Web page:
I currently window shop --- that is, for babies! I'm getting closer to 40 and think my baby days are behind me. So, I visit younger friends and ooh and ahh after their infants, getting my baby fix, and then go home with my fill of baby love without the having to get spit up on, kept up all night or nursed on 24/7. I'm not so far removed from babies, though, to forget what it was like to bring baby home for the first time. We worried so much with our first, mainly because we had a dog and two cats. So bringing home our baby was not done without some research!
1. If you have pets, bring home baby's onesie so they can get used to the smell. This is very easily done and you-r hubby can "introduce" you to your furry babies while you are still in the hospital. Don't wash it - let them sniff it after it has been worn.
2. Don't be shy about asking for help. This was something I wasn't very good at. I felt odd asking my MIL to do my laundry or wash my dishes. If I had to do it over again, I would have asked her to help me out a lot more.
3. Don't say "never" to a binky. I didn't want our first to have a binky based on books I'd read. However, that notion went out the window when she wouldn't calm down. A middle of the night trip to CVS later, my hubby brought back a binky and she was happy as a clam. Don't say never - you might just be sleep deprived enough to cave and that's OK!
4. Have an already established pet-free zone for baby's nursery. I worried a lot about our cats hopping into our daughter's crib, so we kept the door closed and shooed the cats out of there even before she was born. The cats learned not to go in there and we didn't worry so much about the cats climbing in bed with her.
5. Sleep when baby sleeps. This is way easier with your first child because there are no other older siblings to take care of. Don't feel bad napping during the middle of the day because you'll need your energy for when baby is up at 3 AM. Sleep deprivation helps contribute to baby blues and depression, so get your rest when you can.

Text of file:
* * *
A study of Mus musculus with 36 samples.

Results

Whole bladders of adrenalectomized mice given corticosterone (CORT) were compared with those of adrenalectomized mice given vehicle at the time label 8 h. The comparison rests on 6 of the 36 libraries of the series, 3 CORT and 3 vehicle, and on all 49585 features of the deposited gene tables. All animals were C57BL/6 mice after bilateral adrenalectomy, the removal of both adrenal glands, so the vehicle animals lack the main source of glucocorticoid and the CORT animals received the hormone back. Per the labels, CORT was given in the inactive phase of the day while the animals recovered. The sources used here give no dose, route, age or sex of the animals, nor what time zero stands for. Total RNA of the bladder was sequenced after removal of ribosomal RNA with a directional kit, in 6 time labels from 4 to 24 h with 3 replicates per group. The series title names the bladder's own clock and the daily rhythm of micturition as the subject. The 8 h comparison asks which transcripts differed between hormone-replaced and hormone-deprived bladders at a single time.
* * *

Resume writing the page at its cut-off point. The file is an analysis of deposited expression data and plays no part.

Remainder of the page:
6. Don't worry so much about housework during the first few weeks. Your energy is needed taking care of the baby, not making sure your house is spic and span! The dishes will eventually get done and the laundry too. Focus on baby and worry less about the white glove test that you think your friends and relatives are mentally doing when they stop by. They really don't notice if your house is a little messy.
7. Don't be shy about establishing a visitation rule. If you are napping and afraid of people dropping by, place a note on your door asking people to come by later. If you must, have your hubby run interference for you.
8. Insist on handwashing for anyone who wants to hold the baby. Germs spread so quickly and baby doesn't have the immunity that the rest of us do. It may seem awkward, so if that's the case, just blame it on the doctor insisting that people wash their hands before touching the baby. Wash your own hands too! You may forget after going to the grocery store and grocery store carts are germ factories.
9. If anyone stops by and even look sick, ask them kindly to leave and then disinfect. They likely touched the door handle, so get out the Lysol and spray those germs away. Germs can live a good while on surfaces, so protect yourself and anyone else who might touch what the sick person touched.
10. Relax! Parenting can't be done by the book. Do your best when it comes to keeping up with your baby book. Calendars are handy for taking notes that you can transfer later.
That's my best advice for bringing home baby for the first time - plus a few tips to get you through those first rough weeks. Do you have your own tips? Please share!
I wrote this blog post while participating in the TwitterMoms and Lysol® Wee Wisdom blogging program, making me eligible to get a $50 gift card. For more information on how you can participate, click here.